Bausch & Lomb, Alcon settle suit over staining chart

Bausch & Lomb has settled a lawsuit with Alcon Inc. after the latter company agreed to alter its promotional use of a controversial corneal staining grid. The grid is based on Alcon-funded studies that the optometrist says show that certain contact lenses react with certain solutions to cause varying degrees of superficial punctuate transient corneal staining. Bausch & Lomb, whose solutions and lenses did not fare well comparatively, protested that most corneal staining in the study is transient and clinically insignificant.

Key Points

Bausch & Lomb has settled a lawsuit with Alcon Inc. after the latter company agreed to alter its promotional use of a controversial corneal staining grid. (See Ophthalmology Times, July 15, 2007, Pages 6 and 8.)

The grid, devised by a Columbus, OH-based optometrist, is based on Alcon-funded studies that the optometrist says show that certain contact lenses react with certain solutions to cause varying degrees of superficial punctuate transient corneal staining. Alcon used the chart in a wide variety of promotional materials in practitioner offices and at trade shows.

Bausch & Lomb, whose solutions and lenses did not fare well comparatively, protested that most corneal staining in the study is transient and clinically insignificant. The company filed a lawsuit June 26 in U.S. District Court for the Western District of New York, charging that the rating system constitutes false and misleading advertising. The lawsuit sought unspecified damages for lost sales and corrective advertising. It was dismissed in August with prejudice, without any payment of damages from either party.

Gary Andrasko, OD, based the chart on ongoing studies pairing various brands of contact lenses and multipurpose solutions. According to colors used on the chart, green indicates lens/solution combinations where less than 10% of the cornea is stained; yellow combinations indicate that 10% to 20% is stained and should be monitored closely; and red combinations indicate that more than 20% is stained. Red combinations indicate "widespread staining" and mean that physicians should consider changing solutions.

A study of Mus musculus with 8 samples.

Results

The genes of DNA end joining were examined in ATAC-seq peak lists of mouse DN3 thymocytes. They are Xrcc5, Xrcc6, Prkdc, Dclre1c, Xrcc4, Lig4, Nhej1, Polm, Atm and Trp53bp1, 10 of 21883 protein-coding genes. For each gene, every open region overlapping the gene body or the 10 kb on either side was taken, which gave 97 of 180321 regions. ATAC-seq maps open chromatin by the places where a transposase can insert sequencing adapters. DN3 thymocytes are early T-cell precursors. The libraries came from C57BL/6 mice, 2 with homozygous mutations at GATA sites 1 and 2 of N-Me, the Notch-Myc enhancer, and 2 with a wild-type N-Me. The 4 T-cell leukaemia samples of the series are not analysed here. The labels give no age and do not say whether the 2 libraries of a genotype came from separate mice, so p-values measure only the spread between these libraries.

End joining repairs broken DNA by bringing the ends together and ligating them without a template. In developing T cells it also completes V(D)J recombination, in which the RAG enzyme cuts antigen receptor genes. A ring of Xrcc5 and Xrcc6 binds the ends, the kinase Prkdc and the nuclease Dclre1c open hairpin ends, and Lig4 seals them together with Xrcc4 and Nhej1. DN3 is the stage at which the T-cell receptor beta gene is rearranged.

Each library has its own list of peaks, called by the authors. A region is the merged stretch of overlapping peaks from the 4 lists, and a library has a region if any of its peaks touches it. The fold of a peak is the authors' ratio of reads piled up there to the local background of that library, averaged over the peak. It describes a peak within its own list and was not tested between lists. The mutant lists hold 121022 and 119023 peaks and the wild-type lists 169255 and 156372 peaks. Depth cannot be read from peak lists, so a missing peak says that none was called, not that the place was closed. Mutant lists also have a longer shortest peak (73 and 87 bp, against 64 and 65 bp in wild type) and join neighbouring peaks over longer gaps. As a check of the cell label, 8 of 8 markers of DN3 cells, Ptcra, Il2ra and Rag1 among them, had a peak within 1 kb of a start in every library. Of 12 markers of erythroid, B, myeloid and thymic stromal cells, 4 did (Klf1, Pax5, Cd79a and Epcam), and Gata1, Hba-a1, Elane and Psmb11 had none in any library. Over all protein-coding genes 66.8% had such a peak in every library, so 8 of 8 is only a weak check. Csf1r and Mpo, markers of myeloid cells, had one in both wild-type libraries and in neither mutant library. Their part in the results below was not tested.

Under the settlement agreement, Alcon will change the chart's red and yellow colors to something different but will continue to support the studies and sponsor continuing research, said Kathleen Golden, manager, corporate communications, Alcon.

According to the chart, which can be viewed at http://www.staininggrid.com/, the most staining (76%) occurs when silicone hydrogel lenses (PureVision, Bausch & Lomb) are used with a branded multipurpose solution (Target), which was identified as a version of a multipurpose contact lens disinfecting solution (ReNu MultiPlus, Bausch & Lomb). That result is followed closely by the combination of silicone hydrogel lenses, lenses with the contact lens solution (73%) and hydrogel lenses (SofLens 66, Bausch & Lomb) with the contact lens solution (also 73%), and another branded multipurpose solution (Wal-Mart), also identified as the contact lens solution (71%).

In an interview with Ophthalmology Times, Dr. Andrasko said he developed the chart for eye-care practitioners to determine the biocompatibility of contact lenses and multipurpose solutions. He said he believes corneal staining occurs as solution preservatives (chemical keratitis) are released on the eye. He noted on the chart that the Bausch & Lomb solutions with the highest rates of staining were made with biguanide preservatives.

"I don't believe when you have 70% of the cornea covered by micropunctate staining, that's insignificant-especially when there are solutions that easily could be substituted and get less than 10% of the cornea covered by staining," Dr. Andrasko said. "Why use a contact lens solution that causes a high amount of staining when you could use another one that causes very little staining?"

He said that patients also reported comfort decreased as staining increased and, as wearing time increased, comfort decreased if significant staining area existed.

Counterpoint

Christopher Snyder, OD, MS, Bausch & Lomb's director of professional relations for the lens care/over-the-counter product portfolio, disputed Dr. Andrasko's research and said it is "inconsistent with my clinical experience."

"That is not validated by any clinical outcomes to date," Dr. Snyder said. "Clinical results with real patients do not validate that there are any problems with those lens-care products when really used with PureVision lenses or other silicone hydrogel lenses in the real world."

Dr. Snyder said the chart causes physicians to feel alarmed that they have been missing some significant problem in their patients, when all of the corneal staining described in the chart is clinically acceptable.